6 Tips on How to Network Your Way to a Job Interview

6 Tips on How to Network Your Way to a Job Interview

The days of submitting your resume to an online portal (and getting a call back), are virtually dead. It’s hard to believe, but all that time, energy and effort you’ve spent filling out endless tabs of personal information on company career pages or answering questions on “your greatest career achievements,” almost never generate interviews. It wastes time and is distracting you from gaining other achievable opportunities. And yes, I do know that you know that already, and yet you continue to do it, right?

I tend to take a hard stance on this topic, but only because my experience has shown me that the single most effective way to initiate meetings with people who can secure interviews is to make a professional connection with them. It’s really that simple? The answer is, yes. The best way to get an interview is to know someone who can get you one.

1. Connect with the right people. Unless you’re targeting a role at a small company, you can forget trying to connect with the CEO. Your best bet is to reach out to junior to mid-level employees since they’re usually the most responsive. They should ideally have some influence on the company’s recruiting decisions.

2. Use the right medium. Use either email or LinkedIn when trying to connect for the first time. The latter usually works better. You should avoid giving them a call as they’re unlikely to answer an unknown number. And it comes off a bit desperate too.

3. Master the message. The initial message should be short but snappy. You want to highlight the fact that you’re currently on the job market, and wish to learn more about their company and recruiting needs over, say, a coffee. Nowhere should you mention “can you help me get a job at your company” or anything along those lines. You want them to put two and two together. Suggest meeting up at a time and place that is convenient for them. Be very flexible in this regard.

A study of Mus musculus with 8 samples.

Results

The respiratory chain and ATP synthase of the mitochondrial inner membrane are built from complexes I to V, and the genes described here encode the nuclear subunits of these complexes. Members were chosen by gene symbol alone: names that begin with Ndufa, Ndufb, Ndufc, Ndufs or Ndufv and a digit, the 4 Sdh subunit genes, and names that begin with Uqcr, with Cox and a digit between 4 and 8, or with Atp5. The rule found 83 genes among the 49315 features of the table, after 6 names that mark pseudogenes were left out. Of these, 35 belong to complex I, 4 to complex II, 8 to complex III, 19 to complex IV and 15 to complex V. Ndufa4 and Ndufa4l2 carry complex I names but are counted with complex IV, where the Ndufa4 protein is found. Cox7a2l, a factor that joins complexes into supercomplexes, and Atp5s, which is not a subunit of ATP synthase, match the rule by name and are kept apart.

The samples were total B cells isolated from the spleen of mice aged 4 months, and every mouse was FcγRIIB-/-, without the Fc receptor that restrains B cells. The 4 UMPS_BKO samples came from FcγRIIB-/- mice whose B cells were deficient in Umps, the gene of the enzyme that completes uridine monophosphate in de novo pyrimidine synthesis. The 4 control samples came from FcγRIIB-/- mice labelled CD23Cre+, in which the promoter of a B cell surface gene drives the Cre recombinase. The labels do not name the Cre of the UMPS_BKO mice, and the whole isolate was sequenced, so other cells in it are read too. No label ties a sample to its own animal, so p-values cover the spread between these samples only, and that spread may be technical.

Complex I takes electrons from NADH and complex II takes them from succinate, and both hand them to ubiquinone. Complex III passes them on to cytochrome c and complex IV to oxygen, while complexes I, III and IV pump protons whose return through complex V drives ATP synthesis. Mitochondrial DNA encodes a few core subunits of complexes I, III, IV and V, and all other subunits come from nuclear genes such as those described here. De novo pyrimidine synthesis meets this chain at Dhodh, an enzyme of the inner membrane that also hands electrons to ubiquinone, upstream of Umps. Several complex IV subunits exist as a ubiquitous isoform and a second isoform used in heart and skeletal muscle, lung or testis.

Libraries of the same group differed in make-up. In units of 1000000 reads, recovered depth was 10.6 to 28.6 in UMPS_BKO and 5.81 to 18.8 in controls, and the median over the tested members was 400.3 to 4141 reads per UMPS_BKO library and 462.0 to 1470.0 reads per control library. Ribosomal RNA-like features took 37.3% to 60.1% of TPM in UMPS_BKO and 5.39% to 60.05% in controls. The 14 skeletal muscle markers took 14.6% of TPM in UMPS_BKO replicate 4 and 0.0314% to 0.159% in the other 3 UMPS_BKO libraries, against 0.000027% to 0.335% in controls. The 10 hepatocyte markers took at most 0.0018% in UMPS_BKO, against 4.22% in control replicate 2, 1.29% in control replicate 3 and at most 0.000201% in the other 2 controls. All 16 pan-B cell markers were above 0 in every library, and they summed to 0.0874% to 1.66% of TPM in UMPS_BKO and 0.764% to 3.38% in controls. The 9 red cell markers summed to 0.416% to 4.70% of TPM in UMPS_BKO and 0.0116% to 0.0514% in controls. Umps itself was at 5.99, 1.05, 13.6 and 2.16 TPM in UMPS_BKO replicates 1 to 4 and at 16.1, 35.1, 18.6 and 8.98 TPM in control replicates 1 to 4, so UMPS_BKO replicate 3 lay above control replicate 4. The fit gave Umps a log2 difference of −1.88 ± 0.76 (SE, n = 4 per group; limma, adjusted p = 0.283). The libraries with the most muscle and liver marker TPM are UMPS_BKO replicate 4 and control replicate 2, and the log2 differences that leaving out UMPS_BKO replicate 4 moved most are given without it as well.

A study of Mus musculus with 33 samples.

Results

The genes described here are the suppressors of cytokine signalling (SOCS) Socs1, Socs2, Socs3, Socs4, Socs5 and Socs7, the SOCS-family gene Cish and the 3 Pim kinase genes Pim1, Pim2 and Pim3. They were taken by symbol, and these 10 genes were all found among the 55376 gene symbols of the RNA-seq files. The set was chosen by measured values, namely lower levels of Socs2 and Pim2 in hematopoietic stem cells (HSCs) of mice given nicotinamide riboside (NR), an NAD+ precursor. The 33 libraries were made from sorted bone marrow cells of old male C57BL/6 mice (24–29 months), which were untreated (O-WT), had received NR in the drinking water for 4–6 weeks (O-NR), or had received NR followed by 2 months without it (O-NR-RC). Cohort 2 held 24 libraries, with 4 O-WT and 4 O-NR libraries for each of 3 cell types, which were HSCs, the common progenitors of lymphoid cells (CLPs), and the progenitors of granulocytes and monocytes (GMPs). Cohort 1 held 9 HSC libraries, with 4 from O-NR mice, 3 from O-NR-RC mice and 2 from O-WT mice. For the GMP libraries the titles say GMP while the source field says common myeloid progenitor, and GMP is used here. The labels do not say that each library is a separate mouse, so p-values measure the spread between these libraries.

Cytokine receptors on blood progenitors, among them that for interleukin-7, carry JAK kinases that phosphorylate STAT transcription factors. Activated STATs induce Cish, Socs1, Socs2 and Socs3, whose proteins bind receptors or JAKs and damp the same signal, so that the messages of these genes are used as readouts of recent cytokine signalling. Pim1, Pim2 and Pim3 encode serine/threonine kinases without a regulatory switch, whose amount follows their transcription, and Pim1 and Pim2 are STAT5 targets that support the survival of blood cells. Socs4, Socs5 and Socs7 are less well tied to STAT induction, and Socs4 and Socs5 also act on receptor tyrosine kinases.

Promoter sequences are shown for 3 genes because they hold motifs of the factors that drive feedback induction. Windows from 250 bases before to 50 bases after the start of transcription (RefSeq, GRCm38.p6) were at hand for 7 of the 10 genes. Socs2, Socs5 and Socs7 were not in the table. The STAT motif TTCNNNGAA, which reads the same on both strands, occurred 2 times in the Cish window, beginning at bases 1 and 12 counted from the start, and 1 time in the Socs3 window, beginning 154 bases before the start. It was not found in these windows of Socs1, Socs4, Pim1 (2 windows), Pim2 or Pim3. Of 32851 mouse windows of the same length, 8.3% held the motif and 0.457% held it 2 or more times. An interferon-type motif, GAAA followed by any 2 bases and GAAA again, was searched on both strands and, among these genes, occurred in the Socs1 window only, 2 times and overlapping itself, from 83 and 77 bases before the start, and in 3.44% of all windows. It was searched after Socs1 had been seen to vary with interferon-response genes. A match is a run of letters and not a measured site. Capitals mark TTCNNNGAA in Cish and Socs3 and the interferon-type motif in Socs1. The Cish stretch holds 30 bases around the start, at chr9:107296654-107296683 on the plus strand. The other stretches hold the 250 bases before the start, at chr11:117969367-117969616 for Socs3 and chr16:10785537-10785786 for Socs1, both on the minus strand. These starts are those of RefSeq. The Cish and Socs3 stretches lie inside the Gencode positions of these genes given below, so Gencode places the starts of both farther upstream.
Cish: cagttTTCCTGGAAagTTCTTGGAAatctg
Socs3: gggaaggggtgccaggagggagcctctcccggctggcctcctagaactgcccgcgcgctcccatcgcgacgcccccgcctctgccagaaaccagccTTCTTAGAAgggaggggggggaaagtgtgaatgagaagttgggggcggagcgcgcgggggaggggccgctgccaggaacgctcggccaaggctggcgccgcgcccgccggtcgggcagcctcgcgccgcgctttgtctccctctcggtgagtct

4. The initial meet-up. The key is to keep it casual so avoid things like taking your notepad out middle of the conservation to take notes. You should prepare half a dozen questions in advance which you can casually slide into the conversation when the opportunities present themselves. Always end by telling them that you’ll keep them posted on, say, the outcomes of interviews that you currently have lined up. You want to create an excuse to reconnect with them at a later date.

5. Make your move. By the second or third meet up, you should make your move if they haven’t already offered to help. Politely ask them to submit an employee referral on your behalf for the role you’re targeting. But before you do, get them to scan through your CV first and provide feedback on how you could tailor it.

6. Continue to leverage your contact. If you’re invited to an interview, you’ll know that your networking efforts is starting to pay off. This is the break you’ve been looking for. And now you got it. You should, of course, continue to leverage your contact during the interview process. They will give you the inside track on landing the job.